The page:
KGLatwaterlooThe defence of La Haye Sainte by the King’s German Legionunderlinefull

The relative quiet of rural life in the town, dominated by church and manor, was completely upended by the Napoleonic wars and the arrival of the King’s German Legion.

British army engineers had alerted the government to the fact that the unbroken shoreline between Eastbourne and Hastings would be an ideal area for Napoleon to land his fleet of flat bottomed boats, amassed at Boulogne on the opposite side of the channel.

Very quickly, a line of twelve defensive Martello Towers was erected and in 1798 work began on the barracks- perched on the vantage point of Belle Hill.

maretellotowersView of Martello Towers near Bexhill
by John F. Tennantunderline5

Elsewhere, Napoleon’s  occupation of Hanover saw the Hanoverian Army disbanded. Soldiers and officers loyal to King George III fled to England, and in 1803 the King’s German Legion (KGL) was formed. Within months, the KGL consisted of two regiments of Calvary, two Light Battalions, four Line Battalions, two Horse Batteries of Artillery, three Foot Batteries of Artillery and a unit of Engineers.

The main cavalry depot was established in Weymouth, while the main infantry depot arrived at the Bexhill Barracks in 1804.

The purpose built site covered 40 acres, stretching from the top of Belle Hill to the downs, and north along Holliers Hill reaching the southern edge of Sidley. Bexhill Barracks ranked among the largest in the country, with its position above the line of defensive towers giving it great strategic importance. At its height the 5000 infantry-men and officers stationed in the town dwarfed the towns population of approximately 1,000 people.

The KGL remained part of the British Army for the duration of the Napoleonic Wars (1804–15), and played a vital role in several campaigns, most notably the Walcheren Campaign, the Peninsular War, and the Hundred Days.

Soldiers, while stationed at the Barracks, mixed freely with the locals, helping to excavate the remaining goods from the wreck of the Amsterdam at Bulverhythe, joining in the local hunt organised by Arthur Brook and no doubt keeping the Bell Inn very busy.

It is of little surprise that St Peter’s parish records  during this time show many marriages between KGL soldiers and local women, including the union between Captain Phillip Holtzermann and Thomas Pumphrey’s daughter Mary Ann.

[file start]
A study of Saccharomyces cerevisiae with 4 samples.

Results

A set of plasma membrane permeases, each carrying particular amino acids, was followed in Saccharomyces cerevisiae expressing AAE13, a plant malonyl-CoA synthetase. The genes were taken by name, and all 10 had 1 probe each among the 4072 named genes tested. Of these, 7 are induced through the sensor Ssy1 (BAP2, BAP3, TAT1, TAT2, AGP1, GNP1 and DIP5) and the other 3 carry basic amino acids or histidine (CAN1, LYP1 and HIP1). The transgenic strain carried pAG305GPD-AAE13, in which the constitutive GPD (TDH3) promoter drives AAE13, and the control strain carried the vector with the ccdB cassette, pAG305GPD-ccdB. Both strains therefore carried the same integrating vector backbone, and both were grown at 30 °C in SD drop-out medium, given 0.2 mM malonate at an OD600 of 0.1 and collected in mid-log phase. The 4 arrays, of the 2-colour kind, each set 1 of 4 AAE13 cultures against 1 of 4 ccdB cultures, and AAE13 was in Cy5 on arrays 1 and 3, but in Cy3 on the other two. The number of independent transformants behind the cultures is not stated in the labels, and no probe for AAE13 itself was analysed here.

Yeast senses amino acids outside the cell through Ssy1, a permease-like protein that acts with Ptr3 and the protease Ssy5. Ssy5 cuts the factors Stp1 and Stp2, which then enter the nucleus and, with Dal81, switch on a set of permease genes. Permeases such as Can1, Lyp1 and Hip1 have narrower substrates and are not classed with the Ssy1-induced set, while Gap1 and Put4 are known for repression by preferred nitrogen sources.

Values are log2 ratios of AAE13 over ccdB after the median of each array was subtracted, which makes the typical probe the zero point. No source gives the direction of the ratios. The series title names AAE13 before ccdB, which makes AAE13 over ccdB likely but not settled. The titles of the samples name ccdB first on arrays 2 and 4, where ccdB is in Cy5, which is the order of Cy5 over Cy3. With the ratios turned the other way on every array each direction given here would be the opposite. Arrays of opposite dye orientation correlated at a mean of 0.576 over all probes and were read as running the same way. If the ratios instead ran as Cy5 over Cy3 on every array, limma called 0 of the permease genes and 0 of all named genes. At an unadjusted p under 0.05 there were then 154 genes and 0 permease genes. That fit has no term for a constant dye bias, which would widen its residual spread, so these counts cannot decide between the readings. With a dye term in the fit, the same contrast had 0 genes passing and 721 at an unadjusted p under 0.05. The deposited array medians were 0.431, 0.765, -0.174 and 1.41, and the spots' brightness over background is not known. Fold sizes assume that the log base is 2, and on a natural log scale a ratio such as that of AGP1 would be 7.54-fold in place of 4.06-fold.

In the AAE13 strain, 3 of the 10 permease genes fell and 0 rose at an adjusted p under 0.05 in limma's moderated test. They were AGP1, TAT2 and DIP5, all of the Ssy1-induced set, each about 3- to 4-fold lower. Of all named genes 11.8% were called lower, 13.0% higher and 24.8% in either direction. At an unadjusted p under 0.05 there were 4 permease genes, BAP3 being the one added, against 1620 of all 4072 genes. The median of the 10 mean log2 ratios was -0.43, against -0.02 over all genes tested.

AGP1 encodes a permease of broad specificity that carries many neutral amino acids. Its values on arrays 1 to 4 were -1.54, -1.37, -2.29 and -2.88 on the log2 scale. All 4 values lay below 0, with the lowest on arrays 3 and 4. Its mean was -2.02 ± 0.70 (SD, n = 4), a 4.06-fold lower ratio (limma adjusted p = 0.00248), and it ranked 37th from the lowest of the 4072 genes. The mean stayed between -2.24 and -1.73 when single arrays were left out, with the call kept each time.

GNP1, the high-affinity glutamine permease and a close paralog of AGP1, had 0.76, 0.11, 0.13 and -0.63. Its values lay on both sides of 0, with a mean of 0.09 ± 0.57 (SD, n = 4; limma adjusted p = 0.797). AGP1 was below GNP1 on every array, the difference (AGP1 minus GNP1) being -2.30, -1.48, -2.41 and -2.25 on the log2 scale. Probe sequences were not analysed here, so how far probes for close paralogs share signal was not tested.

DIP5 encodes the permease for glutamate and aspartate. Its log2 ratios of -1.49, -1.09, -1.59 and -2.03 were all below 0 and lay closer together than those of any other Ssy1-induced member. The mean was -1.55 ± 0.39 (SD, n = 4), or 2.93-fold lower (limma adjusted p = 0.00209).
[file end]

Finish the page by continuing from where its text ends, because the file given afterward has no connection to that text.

After the victory at Waterloo in 1815, the Electorate of Hanover was re-founded as the Kingdom of Hanover. A new army had been reconstituted even before the final battle, and the King’s German Legion was dissolved and integrated into this new Hanoverian force.

In a book published in 1884, Dr Wills wrote that after the Napoleonic wars, Bexhill ‘settled down again into its farming and smuggling: the drill ground was ploughed up, the barracks turned into cottages, and the mess, billiard rooms into an infant school and carpenters workshop.’

Over time, most of the martello towers were reclaimed by the sea, but a handful of others were destroyed for the purpose of testing the Military’s first breech loading guns.

All that remains of the Barracks today is a small park and allotments in the old town adjacent to Barrack Hall, and a memorial garden in Barrack Road.

For more information regarding the King’s German Legion, please visit the Bexhill Hanoverian Study Group’s website.

Alternatively, you can watch this short film made in conjunction with the Hanoverian Study Group, that charts the impact of the KGL on the town.

History of Kings German Legion in Bexhill from Shaun Taberer on Vimeo.

The Barrack Road Memorial Gardens

The Barrack Road Memorial Gardens is now all that remains of the Barrack Road Graveyard. The graveyard came into existence on the barrack land and was used solely for military burials.  The site in the north east corner of the barracks contained the graves of several hundred soldiers of the British Army, including over 150 personnel of King George III’s German Legion.

Later in the 19th century, when St Peter’s graveyard was full, it was used by the local community and covered a larger area than is seen today. It was little used after 1901 and during World War 2, a bomb fell and obliterated many of the tombstones. After the rubble was cleared, the cemetery was turned into a Memorial Garden. A few headstones survive, the majority standing around the edge of the boundary wall.